Disability outcomes in the N-MOmentum trial of inebilizumab in neuromyelitis optica spectrum disorder


  • R. Marignier
  • J.L. Bennett
  • H.J. Kim
  • B.G. Weinshenker
  • S.J. Pittock
  • D. Wingerchuk
  • K. Fujihara
  • F. Paul
  • G.R. Cutter
  • A.J. Green
  • O. Aktas
  • H.P. Hartung
  • F.D. Lublin
  • I.M. Williams
  • J. Drappa
  • D. She
  • D. Cimbora
  • W. Rees
  • M. Smith
  • J.N. Ratchford
  • E. Katz
  • B.A.C. Cree


  • Neurology Neuroimmunology & Neuroinflammation


  • Neurol Neuroimmunol Neuroinflamm 8 (3): e978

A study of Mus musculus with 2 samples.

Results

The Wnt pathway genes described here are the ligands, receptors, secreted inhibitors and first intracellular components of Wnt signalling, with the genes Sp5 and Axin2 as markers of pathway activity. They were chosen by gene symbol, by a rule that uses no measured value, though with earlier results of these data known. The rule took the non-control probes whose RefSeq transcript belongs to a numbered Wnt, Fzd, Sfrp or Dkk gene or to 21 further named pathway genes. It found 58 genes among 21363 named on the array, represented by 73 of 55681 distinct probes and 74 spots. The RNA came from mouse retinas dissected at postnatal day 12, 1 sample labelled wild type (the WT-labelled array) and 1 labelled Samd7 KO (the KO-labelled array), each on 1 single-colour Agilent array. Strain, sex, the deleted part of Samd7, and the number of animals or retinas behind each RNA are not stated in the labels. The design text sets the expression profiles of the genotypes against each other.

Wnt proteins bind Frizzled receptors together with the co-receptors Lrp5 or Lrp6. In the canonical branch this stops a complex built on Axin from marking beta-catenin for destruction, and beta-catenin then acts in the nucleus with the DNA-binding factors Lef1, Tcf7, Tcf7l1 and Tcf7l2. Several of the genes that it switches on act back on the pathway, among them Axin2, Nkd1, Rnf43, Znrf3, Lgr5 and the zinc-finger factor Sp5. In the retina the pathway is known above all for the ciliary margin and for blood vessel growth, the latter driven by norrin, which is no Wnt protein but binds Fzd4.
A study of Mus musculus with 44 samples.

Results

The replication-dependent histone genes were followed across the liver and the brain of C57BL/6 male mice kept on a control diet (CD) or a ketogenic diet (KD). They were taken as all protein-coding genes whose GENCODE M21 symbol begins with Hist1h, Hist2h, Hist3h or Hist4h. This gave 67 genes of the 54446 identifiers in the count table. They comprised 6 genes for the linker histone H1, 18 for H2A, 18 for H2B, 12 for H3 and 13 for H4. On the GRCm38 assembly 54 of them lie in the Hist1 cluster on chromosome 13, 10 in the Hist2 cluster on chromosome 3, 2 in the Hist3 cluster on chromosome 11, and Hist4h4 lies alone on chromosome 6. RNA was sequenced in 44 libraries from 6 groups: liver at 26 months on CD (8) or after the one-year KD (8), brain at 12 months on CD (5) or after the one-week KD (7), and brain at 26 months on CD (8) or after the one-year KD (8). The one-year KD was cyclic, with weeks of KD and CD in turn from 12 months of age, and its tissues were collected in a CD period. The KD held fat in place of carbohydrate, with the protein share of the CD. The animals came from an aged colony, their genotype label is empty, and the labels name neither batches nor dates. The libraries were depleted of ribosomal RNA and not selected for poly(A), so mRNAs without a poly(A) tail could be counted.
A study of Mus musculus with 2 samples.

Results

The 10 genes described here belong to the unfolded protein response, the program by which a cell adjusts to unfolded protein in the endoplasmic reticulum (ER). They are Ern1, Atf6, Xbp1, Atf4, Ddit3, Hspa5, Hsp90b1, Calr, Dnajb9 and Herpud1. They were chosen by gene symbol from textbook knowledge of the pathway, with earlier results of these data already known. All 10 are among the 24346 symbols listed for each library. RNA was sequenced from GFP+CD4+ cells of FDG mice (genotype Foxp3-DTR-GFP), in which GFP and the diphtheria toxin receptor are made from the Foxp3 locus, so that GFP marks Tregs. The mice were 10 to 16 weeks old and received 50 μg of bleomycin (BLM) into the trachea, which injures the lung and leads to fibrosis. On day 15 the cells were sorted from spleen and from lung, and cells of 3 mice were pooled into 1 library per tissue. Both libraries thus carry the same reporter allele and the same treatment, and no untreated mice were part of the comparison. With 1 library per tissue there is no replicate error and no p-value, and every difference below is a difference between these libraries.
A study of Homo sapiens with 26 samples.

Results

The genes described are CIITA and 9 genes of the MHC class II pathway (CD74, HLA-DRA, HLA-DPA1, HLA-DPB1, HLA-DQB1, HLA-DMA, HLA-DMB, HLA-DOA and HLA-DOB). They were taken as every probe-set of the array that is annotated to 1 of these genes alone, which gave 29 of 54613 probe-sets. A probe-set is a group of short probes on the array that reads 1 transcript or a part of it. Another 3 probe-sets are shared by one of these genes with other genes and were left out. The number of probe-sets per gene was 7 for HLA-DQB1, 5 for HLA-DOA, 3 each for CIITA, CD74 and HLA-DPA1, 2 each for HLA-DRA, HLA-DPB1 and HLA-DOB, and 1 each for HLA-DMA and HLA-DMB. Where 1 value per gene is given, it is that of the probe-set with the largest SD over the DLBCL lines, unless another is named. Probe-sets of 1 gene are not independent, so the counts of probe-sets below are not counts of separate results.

• OBJECTIVE: To assess treatment effects on Expanded Disability Status Scale (EDSS) score worsening and modified Rankin Scale (mRS) scores in the N-MOmentum trial of inebilizumab, a humanized anti-CD19 monoclonal antibody, in participants with neuromyelitis optica spectrum disorder (NMOSD). METHODS: Adults (N = 230) with aquaporin-4 immunoglobulin G-seropositive NMOSD or -seronegative neuromyelitis optica and an EDSS score ≤8 were randomized (3:1) to receive inebilizumab 300 mg or placebo on days 1 and 15. The randomized controlled period (RCP) was 28 weeks or until adjudicated attack, with an option to enter the inebilizumab open-label period. Three-month EDSS-confirmed disability progression (CDP) was assessed using a Cox proportional hazard model. The effect of baseline subgroups on disability was assessed by interaction tests. mRS scores from the RCP were analyzed by the Wilcoxon-Mann-Whitney odds approach. RESULTS: Compared with placebo, inebilizumab reduced the risk of 3-month CDP (hazard ratio [HR]: 0.375; 95% CI: 0.148-0.952; p = 0.0390). Baseline disability, prestudy attack frequency, and disease duration did not affect the treatment effect observed with inebilizumab (HRs: 0.213-0.503; interaction tests: all p > 0.05, indicating no effect of baseline covariates on outcome). Mean EDSS scores improved with longer-term treatment. Inebilizumab-treated participants were more likely to have a favorable mRS outcome at the end of the RCP (OR: 1.663; 95% CI: 1.195-2.385; p = 0.0023). CONCLUSIONS: Disability outcomes were more favorable with inebilizumab vs placebo in participants with NMOSD.